The smiling children sitting on the well-worn step are my brother Joe and me. We look happy because our mother is in the house about to have our baby brother. We know nothing about her not being able to go to the hospital because we are Jewish. The battered wooden door behind us is dense and solid, so we cannot hear any noises coming from the inside. When new, this door must have been especially elegant because of the intricate paneling that is embossed on its lower part. The photo was taken 84 years ago.
The photo is in sepia and, therefore, it is difficult to describe colors. However, I do remember that my dress was a mellow pink. Since I am only eight years old, I am not sitting in a very lady-like position on the step. The dress is pulled up over my knees. The strings that hold the dress together at my neck are carelessly tied. I am wearing knee socks that are rolled up at the top because they must have been too long for me. My shoes look like they have been walked and played in with great pleasure. My brown hair is combed neatly and has highlights in it because the sun must have been shimmering on me. The hairstyle that I am wearing was very popular among young girls in Germany at the time. There are two hair parts on each side on top of my head. The hair in the middle of these parts is rolled lightly together and looks like one portly tube. It is called a tolle in German. The sides of my hair are not braided, but are tied together on each side loosely, like a spool, to make a soft frame about my face. I am looking straight into the camera, and I am smiling and my front teeth seem to say that I am very satisfied. My smile looks like it is coming from my heart. I have my arm around my brother and we are sitting close together.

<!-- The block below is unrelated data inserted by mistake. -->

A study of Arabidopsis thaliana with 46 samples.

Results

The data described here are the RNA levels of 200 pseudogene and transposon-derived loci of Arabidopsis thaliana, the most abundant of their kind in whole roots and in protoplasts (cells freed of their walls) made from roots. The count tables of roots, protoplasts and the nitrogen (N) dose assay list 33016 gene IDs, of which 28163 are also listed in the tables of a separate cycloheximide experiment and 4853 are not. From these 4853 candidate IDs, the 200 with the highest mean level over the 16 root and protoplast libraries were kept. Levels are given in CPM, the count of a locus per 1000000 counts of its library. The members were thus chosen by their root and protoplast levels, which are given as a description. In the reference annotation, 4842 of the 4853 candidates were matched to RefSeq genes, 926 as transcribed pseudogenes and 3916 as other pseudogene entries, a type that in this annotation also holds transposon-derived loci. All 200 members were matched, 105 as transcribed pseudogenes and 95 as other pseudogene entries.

My brother Joe, who is 14 months younger than I, shows his contentment from ear to ear. His eyes are lowered as if something very amusing is taking place on the sidewalk where our feet are resting. He is wearing suspenders that hold up his short pants and is also wearing knee-high socks like mine. However, these seem to fit him better than mine, probably because they are held up by a string and the tassels on the side. His ankle-high laced boots are dusty as though he has been trudging through some powdered white cement. His arms are folded crosswise above his knees. I am sure that I have forgiven him for shattering my porcelain doll when he took it for a ride on my mother’s dresser bench. In his enthusiasm to entertain this beautiful doll, she fell to the floor and her entire head broke into many pieces. On this day we have forgotten about this incident and it looks like we enjoy each other. I wish that I could remember the person who took the photo.
We are both waiting to be called back into our home. It is the home we had to rent after our father lost his linen store that was boycotted by the Germans. We did not care that our residence was somewhat shabby and threadbare. We were elated when we found out that we had a new baby brother called Ernest.
This photo has been reproduced in many forms and places. I use it in my talks to visitors at the Museum and now virtually on Zoom. My brother has it in his den in an apartment that overlooks both the Statue of Liberty and Ellis Island. These were the sites that greeted us when we arrived in the United States to escape the Holocaust. I have it framed, on a table in my living room where my brother and I, from our step, survey pictures of my children, grandchildren, and great-grandchildren, looking at a future that we cannot imagine.